The Association of National Advertisers is warning Congress that the proposed creation of the Consumer Financial Protection Agency (CFPA), in its current state, would have "sweeping impact this legislation would have on the jurisdiction, regulatory powers, and longterm health of the Federal Trade Commission."
That came in a letter this week to House Financial Services Committee Chairman Barney Frank (D-Mass.) and ranking member Spencer Bachus (R-Ala.)
The letter is in advance of next week's markup in the Committee of the Consumer Financial Protection Agency Act of 2009, which creates a new financial oversight arm of the government in response to the financial meltdown.
While Jaffe acknowledges a legitimate interest in strengthening financial market regulation, he argues that the current proposal could produce "severe unintentional collateral damage to the FTC and the regulation of advertising in all other areas of the economy."
By moving most of the FTC's authority over financial services practices and financial privacy issues to the new agency, says Jafffe, Congress would be engaging in "drastic regulatory transplant surgery almost certain to adversely affect the efficacy of the consumer protection and privacy missions of the FTC."
ANA is concerned not only with what power the FTC would lose, but what new powers it and the CFPA would gain.
Giving the CFPA rulemaking authority over "unfairness" without tethering it to specific consequences like "substantial injury to consumers" that was not reasonalbly avoidable or outweighed by "countervailing benefits," as the FTC enforcement is currently circumscribed, would give CFPA "nearly unfettered discretion," he argues.
He also says that the bill gives the FTC more expedited rulemaking authority without thoroughly examining the consequences. "Such a significant and systemic change to fundamental FTC procedures should not be carried out as an afterthought in a legislative package focusing totally on other aspects of regulatory reform."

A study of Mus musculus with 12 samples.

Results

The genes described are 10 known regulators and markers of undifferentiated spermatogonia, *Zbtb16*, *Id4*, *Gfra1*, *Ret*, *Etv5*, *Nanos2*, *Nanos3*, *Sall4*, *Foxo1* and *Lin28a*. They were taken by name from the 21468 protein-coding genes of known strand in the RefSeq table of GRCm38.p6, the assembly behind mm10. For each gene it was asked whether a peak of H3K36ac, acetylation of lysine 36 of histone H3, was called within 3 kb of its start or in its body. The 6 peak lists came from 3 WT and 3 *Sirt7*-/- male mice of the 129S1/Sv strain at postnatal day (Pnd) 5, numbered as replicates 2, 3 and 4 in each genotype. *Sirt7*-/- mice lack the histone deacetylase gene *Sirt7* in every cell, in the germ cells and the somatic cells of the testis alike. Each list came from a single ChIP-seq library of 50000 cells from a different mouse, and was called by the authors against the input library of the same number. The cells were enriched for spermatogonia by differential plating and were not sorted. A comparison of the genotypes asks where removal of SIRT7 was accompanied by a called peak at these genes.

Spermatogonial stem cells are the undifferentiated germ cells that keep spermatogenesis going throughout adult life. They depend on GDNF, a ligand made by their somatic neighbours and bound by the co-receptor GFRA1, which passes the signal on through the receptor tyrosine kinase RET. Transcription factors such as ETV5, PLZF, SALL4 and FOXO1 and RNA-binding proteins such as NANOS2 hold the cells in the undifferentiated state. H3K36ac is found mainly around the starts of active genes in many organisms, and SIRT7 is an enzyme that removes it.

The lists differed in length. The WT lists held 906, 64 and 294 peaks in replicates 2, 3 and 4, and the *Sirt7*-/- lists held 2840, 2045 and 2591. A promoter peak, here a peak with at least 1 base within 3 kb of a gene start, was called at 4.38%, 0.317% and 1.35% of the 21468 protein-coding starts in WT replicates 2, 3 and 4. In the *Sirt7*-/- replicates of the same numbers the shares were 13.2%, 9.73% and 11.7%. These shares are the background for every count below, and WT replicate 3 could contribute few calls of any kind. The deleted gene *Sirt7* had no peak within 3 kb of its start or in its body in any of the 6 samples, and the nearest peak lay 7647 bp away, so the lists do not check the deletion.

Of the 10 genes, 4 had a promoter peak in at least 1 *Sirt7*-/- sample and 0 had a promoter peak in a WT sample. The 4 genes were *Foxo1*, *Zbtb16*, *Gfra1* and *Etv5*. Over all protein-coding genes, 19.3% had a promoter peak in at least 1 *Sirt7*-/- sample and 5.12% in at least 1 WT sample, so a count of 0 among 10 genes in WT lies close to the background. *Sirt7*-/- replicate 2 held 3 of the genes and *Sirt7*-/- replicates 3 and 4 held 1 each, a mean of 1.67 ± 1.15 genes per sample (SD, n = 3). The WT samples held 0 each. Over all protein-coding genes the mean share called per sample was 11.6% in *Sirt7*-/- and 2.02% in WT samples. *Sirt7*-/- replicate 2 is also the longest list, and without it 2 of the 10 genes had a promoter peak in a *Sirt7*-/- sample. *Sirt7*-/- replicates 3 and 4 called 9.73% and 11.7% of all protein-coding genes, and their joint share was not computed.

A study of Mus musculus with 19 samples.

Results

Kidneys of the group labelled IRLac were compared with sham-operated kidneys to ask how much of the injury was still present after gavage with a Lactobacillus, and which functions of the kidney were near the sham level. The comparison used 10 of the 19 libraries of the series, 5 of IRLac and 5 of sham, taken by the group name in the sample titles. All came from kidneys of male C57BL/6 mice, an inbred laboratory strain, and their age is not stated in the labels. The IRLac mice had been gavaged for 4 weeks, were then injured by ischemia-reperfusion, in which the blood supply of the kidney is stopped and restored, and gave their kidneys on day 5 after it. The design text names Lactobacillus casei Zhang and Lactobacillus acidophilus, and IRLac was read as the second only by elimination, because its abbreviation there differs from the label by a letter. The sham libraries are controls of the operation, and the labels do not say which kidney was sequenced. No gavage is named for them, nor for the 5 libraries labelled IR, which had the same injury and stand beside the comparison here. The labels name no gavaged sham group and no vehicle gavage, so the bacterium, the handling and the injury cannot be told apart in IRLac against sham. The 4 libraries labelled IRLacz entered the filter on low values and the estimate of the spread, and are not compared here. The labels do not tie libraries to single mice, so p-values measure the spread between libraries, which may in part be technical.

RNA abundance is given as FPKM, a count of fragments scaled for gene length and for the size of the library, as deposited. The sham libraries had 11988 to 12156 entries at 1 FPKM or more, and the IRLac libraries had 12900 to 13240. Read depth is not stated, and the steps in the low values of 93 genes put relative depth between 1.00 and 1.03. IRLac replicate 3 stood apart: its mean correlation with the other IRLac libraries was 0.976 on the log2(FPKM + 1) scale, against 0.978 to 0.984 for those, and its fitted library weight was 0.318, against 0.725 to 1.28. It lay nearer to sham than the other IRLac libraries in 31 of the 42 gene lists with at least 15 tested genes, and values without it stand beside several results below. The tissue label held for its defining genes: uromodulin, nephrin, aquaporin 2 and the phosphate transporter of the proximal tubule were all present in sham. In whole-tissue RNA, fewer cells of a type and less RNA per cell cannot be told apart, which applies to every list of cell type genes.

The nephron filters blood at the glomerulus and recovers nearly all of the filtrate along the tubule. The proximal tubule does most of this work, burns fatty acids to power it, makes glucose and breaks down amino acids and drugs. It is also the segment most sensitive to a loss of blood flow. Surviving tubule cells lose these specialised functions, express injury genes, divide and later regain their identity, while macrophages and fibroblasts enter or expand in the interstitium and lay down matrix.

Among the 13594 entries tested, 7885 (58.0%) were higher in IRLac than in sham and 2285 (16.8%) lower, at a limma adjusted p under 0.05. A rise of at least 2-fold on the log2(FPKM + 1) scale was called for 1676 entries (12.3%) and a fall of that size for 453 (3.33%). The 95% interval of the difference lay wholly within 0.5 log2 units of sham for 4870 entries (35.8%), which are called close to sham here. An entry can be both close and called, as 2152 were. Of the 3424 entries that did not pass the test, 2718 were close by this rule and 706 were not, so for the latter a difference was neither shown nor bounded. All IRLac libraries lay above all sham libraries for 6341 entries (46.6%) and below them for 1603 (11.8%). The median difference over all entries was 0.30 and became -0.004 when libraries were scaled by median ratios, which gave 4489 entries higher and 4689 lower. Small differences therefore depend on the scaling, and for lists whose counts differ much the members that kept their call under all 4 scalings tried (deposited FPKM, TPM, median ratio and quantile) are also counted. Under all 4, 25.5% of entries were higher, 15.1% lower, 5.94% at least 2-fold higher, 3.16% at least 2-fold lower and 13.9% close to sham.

One change he told B&C could have significant impact on the cable and broadcast industries is expressly allowing the comission to hold entities accountable for aiding and abetting.
In a separate letter, filed by the Advertising Coalition (ANA is a member), coalition executive director Jim Davidson says that the aiding and abetting language casts a wide net that could include "virtually anyone involved in preparing, placing, receiving, televising, or printing an ad."
The coalition wants the committee to insure it does not hold advertisers to an amibiguous standard and that it recognizes judicial precedent that media companies do not have an affirmative obligation to investigate the content of advertising.
There is some disagreement over the FTC's current authority over the media when it comes to deceptive ads. In its crackdown on weight-loss ads several years ago, the commission attempted to educate TV stations and others about the warning signs of off-limit claims by marketers, but also warned it could go after stations for those claims.
In a speech on the CFPA Friday, President Obama said that the goal of the bill was "to close gaps in regulation, eliminate overlap, and set rules of the road for Wall Street that make fair dealing and honest competition the only way for financial firms to win and prosper."
But Jaffe argues in his letter that despite that claim the bill would eliminate that overlap, the bill would instead "give the states concurrent authority to enforce regulations adopted by the CFPA and give them the green light to adopt consumer protection laws that are even stricter than federal laws." That, he says, 'will undermine the goal of consistent and coherent national financial regulation."